Many people living with HIV/AIDS worldwide are not able to get enough to eat. Health complications mean that many lose their jobs and their livelihoods are threatened. In Haiti, WFP plays a crucial role in protecting patients being treated for HIV/AIDS and their families by ensuring that the food they receive contributes to their health, safety and dignity.
Gonaives- Every day is a busy day at the Hôpital de la Providence des Gonaives- one of the larger facilities in the populous and poor Artibonite region in the centre of Haiti. This hospital is also one of many across the country where HIV/AIDS patients receive 50 kg of take home family rations from WFP to keep themselves and their families fed and healthy as they begin antiretroviral treatment.
Among the flocks of patients and family members lined up outside clinic doors to receive medicine and test results, the coordinator of a hospital patient group is examining a workbook outside the stock room that contains the carefully handwritten names of all the patients who will receive food rations that day. A patient himself, he talks animatedly about the group that he works with and the benefits of the take-home family food rations. "Beginning the treatment can be difficult and the food provided by WFP means that the medicine will work more effectively. Not having to worry about providing for your family during this time is also crucial. It makes a huge difference to us", he says.
The number of people living with HIV/AIDS in Haiti is around 220.000 with the highest prevalence among women. In a population of just a little over 10 million this means that more than 2 people in every 100 are living with the HIV/AIDS and even more are indirectly affected by it.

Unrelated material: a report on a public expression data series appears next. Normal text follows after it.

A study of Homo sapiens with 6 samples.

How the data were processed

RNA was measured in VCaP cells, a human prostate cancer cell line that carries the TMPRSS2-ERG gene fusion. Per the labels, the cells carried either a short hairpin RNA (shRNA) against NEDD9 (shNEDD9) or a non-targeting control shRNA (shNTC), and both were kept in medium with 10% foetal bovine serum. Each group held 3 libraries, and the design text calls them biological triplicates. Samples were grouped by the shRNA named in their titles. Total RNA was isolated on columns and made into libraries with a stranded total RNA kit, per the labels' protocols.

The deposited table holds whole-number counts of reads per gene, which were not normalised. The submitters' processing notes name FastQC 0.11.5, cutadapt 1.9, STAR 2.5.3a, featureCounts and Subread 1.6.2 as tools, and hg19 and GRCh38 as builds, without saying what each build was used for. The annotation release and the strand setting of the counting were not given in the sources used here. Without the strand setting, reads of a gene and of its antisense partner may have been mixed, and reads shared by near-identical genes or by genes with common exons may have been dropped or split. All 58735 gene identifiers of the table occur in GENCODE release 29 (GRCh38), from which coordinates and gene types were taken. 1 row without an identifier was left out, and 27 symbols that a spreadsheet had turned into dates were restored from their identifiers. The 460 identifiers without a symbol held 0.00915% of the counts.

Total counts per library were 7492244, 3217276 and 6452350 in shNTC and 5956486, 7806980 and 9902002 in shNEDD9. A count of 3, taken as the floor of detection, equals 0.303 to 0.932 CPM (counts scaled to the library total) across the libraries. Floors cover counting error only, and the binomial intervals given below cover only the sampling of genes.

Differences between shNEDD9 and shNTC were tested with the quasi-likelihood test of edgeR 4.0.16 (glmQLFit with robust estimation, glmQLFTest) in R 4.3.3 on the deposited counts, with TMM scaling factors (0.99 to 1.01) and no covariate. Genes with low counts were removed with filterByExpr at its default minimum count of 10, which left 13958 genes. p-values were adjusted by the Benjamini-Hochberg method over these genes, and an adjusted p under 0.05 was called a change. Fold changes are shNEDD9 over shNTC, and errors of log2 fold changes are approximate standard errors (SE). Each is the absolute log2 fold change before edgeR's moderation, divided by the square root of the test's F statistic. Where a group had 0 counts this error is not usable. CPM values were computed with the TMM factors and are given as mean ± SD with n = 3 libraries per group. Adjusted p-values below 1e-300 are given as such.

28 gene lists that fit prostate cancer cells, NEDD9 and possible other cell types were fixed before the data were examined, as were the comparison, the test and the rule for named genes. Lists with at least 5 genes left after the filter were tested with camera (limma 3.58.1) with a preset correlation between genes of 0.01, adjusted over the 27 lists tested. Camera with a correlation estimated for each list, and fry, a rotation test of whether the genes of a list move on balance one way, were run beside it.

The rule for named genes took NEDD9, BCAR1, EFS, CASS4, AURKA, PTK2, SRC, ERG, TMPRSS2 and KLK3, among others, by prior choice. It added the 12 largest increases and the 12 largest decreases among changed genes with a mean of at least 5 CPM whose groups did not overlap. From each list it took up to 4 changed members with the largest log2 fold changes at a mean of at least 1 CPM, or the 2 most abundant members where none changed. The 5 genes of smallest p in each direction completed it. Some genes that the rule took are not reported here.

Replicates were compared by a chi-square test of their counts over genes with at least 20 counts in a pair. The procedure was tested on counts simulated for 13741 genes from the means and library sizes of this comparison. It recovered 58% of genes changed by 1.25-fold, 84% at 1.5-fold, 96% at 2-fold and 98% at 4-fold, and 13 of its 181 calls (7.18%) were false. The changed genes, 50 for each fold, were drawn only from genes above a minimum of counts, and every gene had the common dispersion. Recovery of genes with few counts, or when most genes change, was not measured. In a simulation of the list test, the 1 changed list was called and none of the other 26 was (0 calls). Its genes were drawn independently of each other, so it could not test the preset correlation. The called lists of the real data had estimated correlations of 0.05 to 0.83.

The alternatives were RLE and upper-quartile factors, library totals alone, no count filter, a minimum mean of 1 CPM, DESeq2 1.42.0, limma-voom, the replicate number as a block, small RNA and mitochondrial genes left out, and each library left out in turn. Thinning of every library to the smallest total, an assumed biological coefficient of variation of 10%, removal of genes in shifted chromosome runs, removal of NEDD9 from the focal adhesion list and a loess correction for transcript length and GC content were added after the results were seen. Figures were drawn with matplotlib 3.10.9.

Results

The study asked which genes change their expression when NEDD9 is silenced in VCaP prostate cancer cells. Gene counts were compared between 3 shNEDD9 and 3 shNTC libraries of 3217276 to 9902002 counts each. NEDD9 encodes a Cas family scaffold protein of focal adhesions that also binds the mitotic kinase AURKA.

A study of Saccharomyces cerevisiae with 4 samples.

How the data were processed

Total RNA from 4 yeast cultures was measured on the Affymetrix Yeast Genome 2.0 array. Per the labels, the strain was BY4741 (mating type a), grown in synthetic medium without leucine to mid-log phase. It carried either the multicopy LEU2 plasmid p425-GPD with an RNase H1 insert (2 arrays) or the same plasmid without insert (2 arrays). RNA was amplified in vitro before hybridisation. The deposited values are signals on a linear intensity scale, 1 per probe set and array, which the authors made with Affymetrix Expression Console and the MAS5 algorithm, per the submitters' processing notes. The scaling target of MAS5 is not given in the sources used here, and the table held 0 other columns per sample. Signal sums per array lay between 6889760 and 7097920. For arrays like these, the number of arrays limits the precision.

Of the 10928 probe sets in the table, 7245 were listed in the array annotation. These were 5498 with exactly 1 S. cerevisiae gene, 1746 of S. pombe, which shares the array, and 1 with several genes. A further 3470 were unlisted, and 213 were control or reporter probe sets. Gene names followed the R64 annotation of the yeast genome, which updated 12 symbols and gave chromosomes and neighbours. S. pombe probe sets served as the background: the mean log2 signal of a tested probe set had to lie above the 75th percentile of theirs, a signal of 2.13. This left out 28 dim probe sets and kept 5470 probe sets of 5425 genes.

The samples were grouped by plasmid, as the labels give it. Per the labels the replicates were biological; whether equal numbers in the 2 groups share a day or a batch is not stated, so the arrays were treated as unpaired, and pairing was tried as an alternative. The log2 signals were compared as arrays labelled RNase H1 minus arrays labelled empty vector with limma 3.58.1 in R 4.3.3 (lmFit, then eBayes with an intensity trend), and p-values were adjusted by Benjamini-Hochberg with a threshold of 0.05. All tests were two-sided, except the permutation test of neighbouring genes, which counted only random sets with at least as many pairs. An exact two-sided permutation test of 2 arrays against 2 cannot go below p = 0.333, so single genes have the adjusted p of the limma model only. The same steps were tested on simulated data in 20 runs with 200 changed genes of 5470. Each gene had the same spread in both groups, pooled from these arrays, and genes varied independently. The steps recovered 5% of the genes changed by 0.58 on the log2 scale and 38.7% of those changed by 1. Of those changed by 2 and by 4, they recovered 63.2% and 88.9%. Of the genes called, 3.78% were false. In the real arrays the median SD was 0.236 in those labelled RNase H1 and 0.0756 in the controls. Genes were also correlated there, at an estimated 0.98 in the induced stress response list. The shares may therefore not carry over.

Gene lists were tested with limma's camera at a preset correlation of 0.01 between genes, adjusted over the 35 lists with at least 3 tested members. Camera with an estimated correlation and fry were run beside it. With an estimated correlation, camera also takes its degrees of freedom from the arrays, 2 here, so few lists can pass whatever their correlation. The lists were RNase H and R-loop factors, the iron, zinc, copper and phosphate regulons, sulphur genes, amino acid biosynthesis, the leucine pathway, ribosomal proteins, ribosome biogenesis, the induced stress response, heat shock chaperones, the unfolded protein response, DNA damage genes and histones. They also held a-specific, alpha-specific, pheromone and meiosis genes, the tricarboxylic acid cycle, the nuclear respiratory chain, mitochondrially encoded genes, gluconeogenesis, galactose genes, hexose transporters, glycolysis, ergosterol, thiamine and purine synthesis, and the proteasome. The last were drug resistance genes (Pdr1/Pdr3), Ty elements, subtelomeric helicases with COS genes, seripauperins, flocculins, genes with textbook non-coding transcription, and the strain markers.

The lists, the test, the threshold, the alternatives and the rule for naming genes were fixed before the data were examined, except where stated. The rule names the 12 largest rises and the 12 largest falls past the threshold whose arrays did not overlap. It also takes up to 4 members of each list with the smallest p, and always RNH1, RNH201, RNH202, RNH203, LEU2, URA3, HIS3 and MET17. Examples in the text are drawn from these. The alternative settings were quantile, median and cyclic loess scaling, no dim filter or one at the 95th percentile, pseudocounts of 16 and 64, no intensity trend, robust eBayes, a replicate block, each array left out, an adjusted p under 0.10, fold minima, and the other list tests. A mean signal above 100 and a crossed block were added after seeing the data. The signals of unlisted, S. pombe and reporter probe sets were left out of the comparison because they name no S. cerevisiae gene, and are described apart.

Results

WFP gives take home rations to help people undergoing HIV/AIDS treatment improve their health but also to protect their dignity and their families.
Access to proper nourishment is essential to increasing the effectiveness of anti-retroviral treatment. People living with HIV need more calories and nutrients in their diet because of their weakened immune systems and access to proper nourishment is essential to increasing the effectiveness of anti-retroviral treatment.
Side effects from the treatment can make it difficult and in some cases impossible to earn a living, which means that entire families can go hungry. Concern about providing for children, husbands or wives might lead to people foregoing the treatment to try and work or sell off their assets.
WFP provided food rations to 12.450 patients and their families in 2013. Over the next three years WFP is planning to assist 180.000 HIV/AIDS patients and their families in Haiti. As an entirely self-funded organization, WFP relies on the generous support of its donors to make sure that people living with HIV do not have to choose between their family and their health.
If you would like more information about WFP's work with HIV/AIDS click here.